In recent years, the number of physician assistants has significantly increased and the growth doesn’t appear to be slowing down. The need for PAs in healthcare is evident in recent data collected in 2015.
What This Growth Means
In a recent 2015 Statistical Profile of Certified Physician Assistants compiled by the National Commission on Certification of Physician Assistants (NCCPA), data revealed a 35% increase of physician assistants in five years with a total of 108,700 certified PAs practicing in the U.S. by the end of 2015. This growth of physician assistants is also evident in the increase in PA degree programs which are expected to grow from 199 presently to 273 in 2020. This rapid growth of physician assistants indicates the growing need to fill gaps in healthcare.
Quick Growth Stats and Information
The following information is taken from the NCCPA 2015 Statistical Profile of Certified Physician Assistants and PhysiciansPractice.com.
PAs practice medicine in all 50 states and D.C. The states with the highest concentration of PAs per 100,000 population include Alaska, South Dakota, Pennsylvania, Maine and New York.
PA Education and Training
PAs receive training in the medical model. They are required to take prerequisite disease and biological science courses with an evidence-based approach to diagnoses. The number of master’s-level certified PAs has increased from 66.2% in 2013 to 68.6% in 2015.
PAs graduate with 2,000 or more hours of graduate-level clinical training. PAs are required to pass a national certification exam in order to get licensed by state medical boards upon graduation and are held to the same standard of care as physicians. PAs, like physicians, must maintain certification through continuing medical education (CME) and pass re-certification exams every 10 years through the nationally accredited NCCPA.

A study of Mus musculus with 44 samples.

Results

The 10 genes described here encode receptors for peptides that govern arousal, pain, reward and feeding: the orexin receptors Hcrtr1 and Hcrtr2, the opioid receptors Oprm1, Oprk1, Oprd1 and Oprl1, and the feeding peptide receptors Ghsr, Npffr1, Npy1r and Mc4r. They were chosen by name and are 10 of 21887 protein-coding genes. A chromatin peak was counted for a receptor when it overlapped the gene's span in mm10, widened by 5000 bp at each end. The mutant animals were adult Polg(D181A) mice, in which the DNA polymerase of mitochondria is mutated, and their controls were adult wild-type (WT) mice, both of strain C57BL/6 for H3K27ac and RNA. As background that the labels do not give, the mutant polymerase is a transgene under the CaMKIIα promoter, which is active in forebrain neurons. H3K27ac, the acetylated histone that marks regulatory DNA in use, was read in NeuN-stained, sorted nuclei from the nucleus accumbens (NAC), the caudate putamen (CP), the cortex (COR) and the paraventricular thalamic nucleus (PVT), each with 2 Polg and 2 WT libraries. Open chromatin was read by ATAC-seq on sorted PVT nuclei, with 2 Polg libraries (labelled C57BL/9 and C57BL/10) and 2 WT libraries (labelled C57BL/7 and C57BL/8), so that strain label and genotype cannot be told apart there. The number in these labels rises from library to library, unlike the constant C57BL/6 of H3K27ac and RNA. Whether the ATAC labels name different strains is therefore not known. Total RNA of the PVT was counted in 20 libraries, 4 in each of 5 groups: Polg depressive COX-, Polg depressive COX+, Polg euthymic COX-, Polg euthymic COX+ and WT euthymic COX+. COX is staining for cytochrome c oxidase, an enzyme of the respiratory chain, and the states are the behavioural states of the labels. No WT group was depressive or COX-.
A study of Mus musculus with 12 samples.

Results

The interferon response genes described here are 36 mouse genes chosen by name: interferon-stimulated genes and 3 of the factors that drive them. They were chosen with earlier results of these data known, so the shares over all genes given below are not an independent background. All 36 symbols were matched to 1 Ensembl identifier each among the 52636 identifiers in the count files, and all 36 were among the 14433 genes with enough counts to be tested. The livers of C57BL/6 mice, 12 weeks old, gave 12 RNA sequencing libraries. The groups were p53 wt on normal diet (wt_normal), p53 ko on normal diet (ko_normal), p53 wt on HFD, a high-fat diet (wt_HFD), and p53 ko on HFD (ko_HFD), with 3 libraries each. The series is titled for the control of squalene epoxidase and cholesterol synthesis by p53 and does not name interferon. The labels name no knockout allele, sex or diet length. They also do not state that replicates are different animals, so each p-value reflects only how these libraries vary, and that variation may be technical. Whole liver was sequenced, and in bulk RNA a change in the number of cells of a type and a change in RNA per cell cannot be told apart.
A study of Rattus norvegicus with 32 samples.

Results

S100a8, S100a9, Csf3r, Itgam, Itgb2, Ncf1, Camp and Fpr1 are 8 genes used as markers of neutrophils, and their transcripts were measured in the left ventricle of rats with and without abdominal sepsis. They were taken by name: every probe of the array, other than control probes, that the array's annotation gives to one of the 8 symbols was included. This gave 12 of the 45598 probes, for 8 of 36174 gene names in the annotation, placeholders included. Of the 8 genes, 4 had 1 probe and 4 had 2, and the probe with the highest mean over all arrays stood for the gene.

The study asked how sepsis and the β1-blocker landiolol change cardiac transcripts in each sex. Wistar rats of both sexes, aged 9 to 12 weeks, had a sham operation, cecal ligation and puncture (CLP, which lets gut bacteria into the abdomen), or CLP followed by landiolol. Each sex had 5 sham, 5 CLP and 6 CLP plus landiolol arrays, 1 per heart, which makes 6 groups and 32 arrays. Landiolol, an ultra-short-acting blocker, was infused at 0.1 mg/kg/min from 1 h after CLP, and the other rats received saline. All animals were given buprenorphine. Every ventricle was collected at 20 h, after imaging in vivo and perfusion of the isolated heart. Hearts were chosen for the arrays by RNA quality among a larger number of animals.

The median age of PAs is 38. In 1980, 36% of PAs were female; in 2015, 67.2% were female. In addition, 42% of PAs are both female and under the age of 40.
According to the survey, 86.7% of PAs are white, 3.9% are black or African American, 5.3% are Asian and 6.2% identify as Hispanic or Latino. The number of Hispanic PAs has increased from 3.5% in 2000 to 6.2% in 2015.
What Makes PAs different?
A modest amount of PAs – 22.6% – speak languages other than English, making them a commodity when non-English speaking patients are seen in a clinic or hospital setting. The predominant second language spoken by PAs is Spanish – 81.5%.
Where Do PAs work?
Most PAs work about 40 hours per week in a practice or hospital setting: more than 70% work outside of primary care; more than 18% work in surgical subspecialties; and more than 13% work in emergency medicine. On average, full-time PAs treat about 75 patients per week.
Physician assistants also have the opportunity to seek out temporary locum tenens positions through staffing agencies such as VISTA Staffing where PAs are placed in temporary or permanent positions around the country.